Even As European Central Bank Is Set to Unleash a Massive Round of Quantitative Easing, Central Bank Heads Admit QE Doesn’t Work
The former head of the Bank of England – Mervyn King – said today that more QE will not help the economy:
We have had the biggest monetary stimulus that the world must have ever seen, and we still have not solved the problem of weak demand. The idea that monetary stimulus after six years … is the answer doesn’t seem (right) to me.
QE is not going to help at all. Europe has far greater reliance than the US on small and medium-sized companies (SMEs) and they get their money from banks, not from the bond market.
Even after the stress tests the banks are still in ‘hunkering down mode’. They are not lending to small firms for a variety of reasons. The interest rate differential is still going up.
Mr White said QE is a disguised form of competitive devaluation. “The Japanese are now doing it as well but nobody can complain because the US started it,” he said.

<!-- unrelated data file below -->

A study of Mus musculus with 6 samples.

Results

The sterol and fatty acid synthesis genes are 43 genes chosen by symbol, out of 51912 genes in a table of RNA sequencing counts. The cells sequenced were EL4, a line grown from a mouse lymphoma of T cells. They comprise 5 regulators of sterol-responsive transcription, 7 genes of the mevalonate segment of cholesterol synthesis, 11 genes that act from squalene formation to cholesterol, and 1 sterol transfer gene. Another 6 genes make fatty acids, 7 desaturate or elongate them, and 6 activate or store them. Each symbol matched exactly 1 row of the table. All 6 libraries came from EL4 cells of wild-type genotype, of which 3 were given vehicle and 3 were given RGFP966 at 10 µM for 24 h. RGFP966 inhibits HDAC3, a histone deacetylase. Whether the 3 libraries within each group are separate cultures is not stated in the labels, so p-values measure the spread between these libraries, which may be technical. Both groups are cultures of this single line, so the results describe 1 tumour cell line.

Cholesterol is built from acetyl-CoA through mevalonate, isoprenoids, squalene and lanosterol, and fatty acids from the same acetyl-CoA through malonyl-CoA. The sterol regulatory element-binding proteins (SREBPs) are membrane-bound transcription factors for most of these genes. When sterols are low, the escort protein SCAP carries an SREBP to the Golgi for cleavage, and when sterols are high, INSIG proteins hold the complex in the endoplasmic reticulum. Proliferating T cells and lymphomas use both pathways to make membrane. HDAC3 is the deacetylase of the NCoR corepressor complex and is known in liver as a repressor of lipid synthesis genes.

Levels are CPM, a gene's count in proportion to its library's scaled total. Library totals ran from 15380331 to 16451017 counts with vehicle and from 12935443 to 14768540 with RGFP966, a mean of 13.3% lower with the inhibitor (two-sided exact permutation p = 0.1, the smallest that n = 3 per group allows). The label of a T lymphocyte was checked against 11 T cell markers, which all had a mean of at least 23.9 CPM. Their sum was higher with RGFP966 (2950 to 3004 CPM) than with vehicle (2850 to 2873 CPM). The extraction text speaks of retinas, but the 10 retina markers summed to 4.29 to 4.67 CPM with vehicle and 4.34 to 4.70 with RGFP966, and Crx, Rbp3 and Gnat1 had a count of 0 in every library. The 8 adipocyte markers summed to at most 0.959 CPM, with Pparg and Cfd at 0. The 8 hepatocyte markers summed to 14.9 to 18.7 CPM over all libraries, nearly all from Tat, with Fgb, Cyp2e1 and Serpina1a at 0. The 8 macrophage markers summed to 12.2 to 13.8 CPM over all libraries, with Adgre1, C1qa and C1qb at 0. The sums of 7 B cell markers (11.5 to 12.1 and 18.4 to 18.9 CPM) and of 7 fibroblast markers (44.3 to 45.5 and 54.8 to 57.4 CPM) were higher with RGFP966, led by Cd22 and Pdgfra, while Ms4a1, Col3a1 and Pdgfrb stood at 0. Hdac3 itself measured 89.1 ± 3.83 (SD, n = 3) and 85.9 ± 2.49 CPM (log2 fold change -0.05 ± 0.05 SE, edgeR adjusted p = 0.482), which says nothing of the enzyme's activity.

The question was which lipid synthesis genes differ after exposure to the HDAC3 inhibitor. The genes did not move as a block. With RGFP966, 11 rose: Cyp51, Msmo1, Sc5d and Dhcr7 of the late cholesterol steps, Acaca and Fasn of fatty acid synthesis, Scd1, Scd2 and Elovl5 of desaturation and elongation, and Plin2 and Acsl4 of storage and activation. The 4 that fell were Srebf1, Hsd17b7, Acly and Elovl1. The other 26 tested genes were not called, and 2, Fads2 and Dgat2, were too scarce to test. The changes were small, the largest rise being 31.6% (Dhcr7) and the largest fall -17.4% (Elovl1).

“There is a significant risk that this is going to end badly because the Bank of Japan is funding 40pc of all government spending. This could end in high inflation, perhaps even hyperinflation.
“The emerging markets got on the bandwagon by resisting upward pressure on their currencies and building up enormous foreign exchange reserves. The wrinkle this time is that corporations in these countries – especially in Asia and Latin America – have borrowed $6 trillion in US dollars, often through offshore centres. That is going to create a huge currency mismatch problem as US rates rise and the dollar goes back up.”
He deplores the rush to QE as an “unthinking fashion”. Those who argue that the US and the UK are growing faster than Europe because they carried out QE early are confusing “correlation with causality”. The Anglo-Saxon pioneers have yet to pay the price. “It ain’t over until the fat lady sings. There are serious side-effects building up and we don’t know what will happen when they try to reverse what they have done.”
The painful irony is that central banks may have brought about exactly what they most feared by trying to keep growth buoyant at all costs, he argues, and not allowing productivity gains to drive down prices gently as occurred in episodes of the 19th century. “They have created so much debt that they may have turned a good deflation into a bad deflation after all.”